Judging from the stem cell vote, it looks like the Republican right is still predominant, even if there has been some erosion on this issue and a lot of Republicans shifting positions:
In the Senate, 43 Democrats, 19 Republicans and one independent voted to expand federally funded embryonic stem cell research, while 36 Republicans and one Democrat — Ben Nelson (Neb.) — voted against it.
First of all, what the heck is up with Ben Nelson?
Second, the above vote tally inspires me to include a point of clarification. When I introduced the phrase “Republican War on Science” into the discourse–and it has since gotten around quite a great deal–I never meant to suggest that every single last Republican was somehow “anti-science.” I only meant to argue that there was something about the GOP, as presently constituted, which tended to make a “war on science” an inevitable outcome when this party is put into power in the Senate, House, or White House.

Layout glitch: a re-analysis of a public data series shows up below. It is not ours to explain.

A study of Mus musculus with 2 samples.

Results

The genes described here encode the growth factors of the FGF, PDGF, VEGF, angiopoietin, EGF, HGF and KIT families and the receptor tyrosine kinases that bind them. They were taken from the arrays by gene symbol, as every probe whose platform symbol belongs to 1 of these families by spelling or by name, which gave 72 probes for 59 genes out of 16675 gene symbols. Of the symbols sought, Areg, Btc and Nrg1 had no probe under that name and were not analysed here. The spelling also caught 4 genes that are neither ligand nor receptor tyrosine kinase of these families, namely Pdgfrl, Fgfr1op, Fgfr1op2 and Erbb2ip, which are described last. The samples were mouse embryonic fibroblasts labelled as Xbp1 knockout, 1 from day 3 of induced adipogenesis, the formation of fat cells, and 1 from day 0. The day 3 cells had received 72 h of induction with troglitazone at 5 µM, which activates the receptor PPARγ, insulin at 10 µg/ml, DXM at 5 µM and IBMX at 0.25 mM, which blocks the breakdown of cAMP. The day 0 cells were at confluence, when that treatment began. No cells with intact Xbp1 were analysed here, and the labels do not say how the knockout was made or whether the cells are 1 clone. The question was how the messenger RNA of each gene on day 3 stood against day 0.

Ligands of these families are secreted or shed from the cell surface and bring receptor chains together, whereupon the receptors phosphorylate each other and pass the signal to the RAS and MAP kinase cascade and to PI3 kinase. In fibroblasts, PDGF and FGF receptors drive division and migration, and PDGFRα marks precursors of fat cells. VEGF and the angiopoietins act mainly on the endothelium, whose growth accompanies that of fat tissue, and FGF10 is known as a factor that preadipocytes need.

I think that the current stem cell vote accurately reflects this fact, although technically my analysis focuses on misuse of scientific information itself rather than whether a particular politician supports or opposes federal funding for a particular sort of research (which is what the current stem cell bill involves). Nevertheless, conservative opponents of the current bill defend their position by engaging in a wide range of science abusing behaviors, such as inflating adult stem cells and ignoring the fundamental falsehood about available lines that lies at the heart of the Bush policy. So I think the general point remains accurate.